The UK’s food retailers have defied expectations of slower profits and sales for months.

Tesco reported a 12 percent increase in annual profit in its most recent fiscal year, which beat analysts' expectations. Last week William Morrison, the UK’s fourth-biggest supermarket group delivered a 7-percent rise in first-quarter like-for-like sales, excluding petrol. Even Tesco's biggest rival Asda said that its sales improved in May with like-for-like sales in their first three months of the year, excluding petrol, growing 5 percent.

The British Retail Consortium's figures for May support the idea that the UK consumer has continued to shop even as credit conditions have tightened and inflation has risen, threatening to cut into disposable income.

The May data showed UK retail sales values rose 1.9% on a like-for-like basis, compared with May 2007. But the Director General of the BRC, Stephen Robertson, told Squawk Box Europe that he thought the number was a blip and declining consumer confidence pointed to weaker months to come.

In terms of stock price performance, over 12 months Tesco has tracked the FTSE-100, down about 10 percent for the year as a whole. It shouldn't be a surprise that the two are closely tied. With 31 percent market share Tesco is about as correlated to the UK economy as it is possible to get.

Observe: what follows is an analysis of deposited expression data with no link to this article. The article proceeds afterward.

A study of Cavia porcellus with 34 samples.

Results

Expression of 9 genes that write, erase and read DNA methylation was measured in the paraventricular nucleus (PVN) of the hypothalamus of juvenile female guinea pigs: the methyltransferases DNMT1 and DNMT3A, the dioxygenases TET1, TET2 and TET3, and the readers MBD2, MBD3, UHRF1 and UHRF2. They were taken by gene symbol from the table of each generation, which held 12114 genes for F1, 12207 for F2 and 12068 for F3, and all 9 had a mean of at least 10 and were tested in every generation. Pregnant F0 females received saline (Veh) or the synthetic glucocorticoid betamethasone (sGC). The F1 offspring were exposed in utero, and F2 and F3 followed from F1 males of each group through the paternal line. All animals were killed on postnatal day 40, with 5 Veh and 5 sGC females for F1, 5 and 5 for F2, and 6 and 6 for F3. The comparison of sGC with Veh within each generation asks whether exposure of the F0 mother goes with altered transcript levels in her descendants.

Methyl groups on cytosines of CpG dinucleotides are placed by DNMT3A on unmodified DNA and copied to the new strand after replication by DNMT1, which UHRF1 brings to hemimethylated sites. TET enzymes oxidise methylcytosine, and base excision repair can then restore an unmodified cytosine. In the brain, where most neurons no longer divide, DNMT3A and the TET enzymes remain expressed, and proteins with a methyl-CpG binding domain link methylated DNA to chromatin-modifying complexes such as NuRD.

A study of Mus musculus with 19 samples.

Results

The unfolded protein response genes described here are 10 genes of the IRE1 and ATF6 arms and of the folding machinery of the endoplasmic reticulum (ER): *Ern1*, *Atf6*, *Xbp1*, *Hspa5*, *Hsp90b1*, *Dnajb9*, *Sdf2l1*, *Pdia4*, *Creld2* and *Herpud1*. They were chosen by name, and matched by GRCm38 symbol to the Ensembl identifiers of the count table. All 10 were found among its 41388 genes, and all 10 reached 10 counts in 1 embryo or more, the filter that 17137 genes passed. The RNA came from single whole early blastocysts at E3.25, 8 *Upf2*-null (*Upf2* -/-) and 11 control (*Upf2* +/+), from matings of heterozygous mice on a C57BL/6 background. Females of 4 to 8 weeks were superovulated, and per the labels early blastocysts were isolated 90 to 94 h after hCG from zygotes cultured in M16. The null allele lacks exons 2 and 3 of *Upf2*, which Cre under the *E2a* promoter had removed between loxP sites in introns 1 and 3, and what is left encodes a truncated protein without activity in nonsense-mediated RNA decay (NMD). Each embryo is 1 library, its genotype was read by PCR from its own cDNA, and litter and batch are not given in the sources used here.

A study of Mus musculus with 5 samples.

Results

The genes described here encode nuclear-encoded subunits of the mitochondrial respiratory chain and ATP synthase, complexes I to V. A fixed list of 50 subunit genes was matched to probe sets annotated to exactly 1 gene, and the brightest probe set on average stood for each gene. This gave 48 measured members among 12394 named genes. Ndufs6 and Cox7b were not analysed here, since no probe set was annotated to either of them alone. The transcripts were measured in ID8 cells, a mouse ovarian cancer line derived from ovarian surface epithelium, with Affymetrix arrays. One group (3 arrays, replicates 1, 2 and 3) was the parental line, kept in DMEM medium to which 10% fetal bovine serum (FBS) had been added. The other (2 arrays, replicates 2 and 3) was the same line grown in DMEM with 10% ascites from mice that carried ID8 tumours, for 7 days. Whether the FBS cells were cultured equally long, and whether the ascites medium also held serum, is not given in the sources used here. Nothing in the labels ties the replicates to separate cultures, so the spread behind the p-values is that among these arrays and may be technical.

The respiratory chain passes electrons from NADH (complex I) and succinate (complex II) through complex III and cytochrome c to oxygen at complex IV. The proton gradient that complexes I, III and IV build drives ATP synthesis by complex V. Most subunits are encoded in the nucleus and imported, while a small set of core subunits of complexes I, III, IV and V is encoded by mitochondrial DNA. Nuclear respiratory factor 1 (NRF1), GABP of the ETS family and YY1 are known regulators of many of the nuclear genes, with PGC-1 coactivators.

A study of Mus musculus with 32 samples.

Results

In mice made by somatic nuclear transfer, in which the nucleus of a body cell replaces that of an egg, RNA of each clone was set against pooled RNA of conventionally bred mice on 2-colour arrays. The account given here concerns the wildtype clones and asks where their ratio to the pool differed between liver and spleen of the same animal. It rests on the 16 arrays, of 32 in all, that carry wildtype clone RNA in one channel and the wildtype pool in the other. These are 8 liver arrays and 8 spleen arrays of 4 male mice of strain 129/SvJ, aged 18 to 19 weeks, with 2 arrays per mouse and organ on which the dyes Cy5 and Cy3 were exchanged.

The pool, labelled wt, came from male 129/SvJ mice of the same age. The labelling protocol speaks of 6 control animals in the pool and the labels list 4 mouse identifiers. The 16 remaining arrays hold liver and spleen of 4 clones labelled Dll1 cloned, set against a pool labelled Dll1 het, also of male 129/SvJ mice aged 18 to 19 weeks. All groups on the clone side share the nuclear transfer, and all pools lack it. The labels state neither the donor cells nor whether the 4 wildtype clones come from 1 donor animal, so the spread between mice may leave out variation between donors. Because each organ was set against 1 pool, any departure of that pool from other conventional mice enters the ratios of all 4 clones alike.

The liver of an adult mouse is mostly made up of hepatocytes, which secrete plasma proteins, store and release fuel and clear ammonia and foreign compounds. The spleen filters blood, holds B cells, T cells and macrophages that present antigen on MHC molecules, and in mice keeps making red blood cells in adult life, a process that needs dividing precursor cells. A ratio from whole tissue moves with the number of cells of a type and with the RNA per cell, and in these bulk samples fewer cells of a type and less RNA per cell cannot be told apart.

Well, maybe Tesco's latest sales numbers are a warning sign that consumer spending patterns have changed. Sales rose 3.5 percent in the 13 weeks ending on May 24th, which was at the bottom end of expectations. Non-food sales in particular rose more slowly than the food segment, which is a turnaround on the trend in recent years.

The food retailers have already had a weak 2008, shedding 18 percent this year, but the market appeared to be surprised by the Tesco news and drove the share price down another 2 percent at the open.

Tesco cut prices on 12,500 products in the first 3 months of the year to keep customers coming through the doors. But despite that, the sales figure was at the lower end of the range.

It seems the performance of the business is starting to reflect the declines already built into the share price.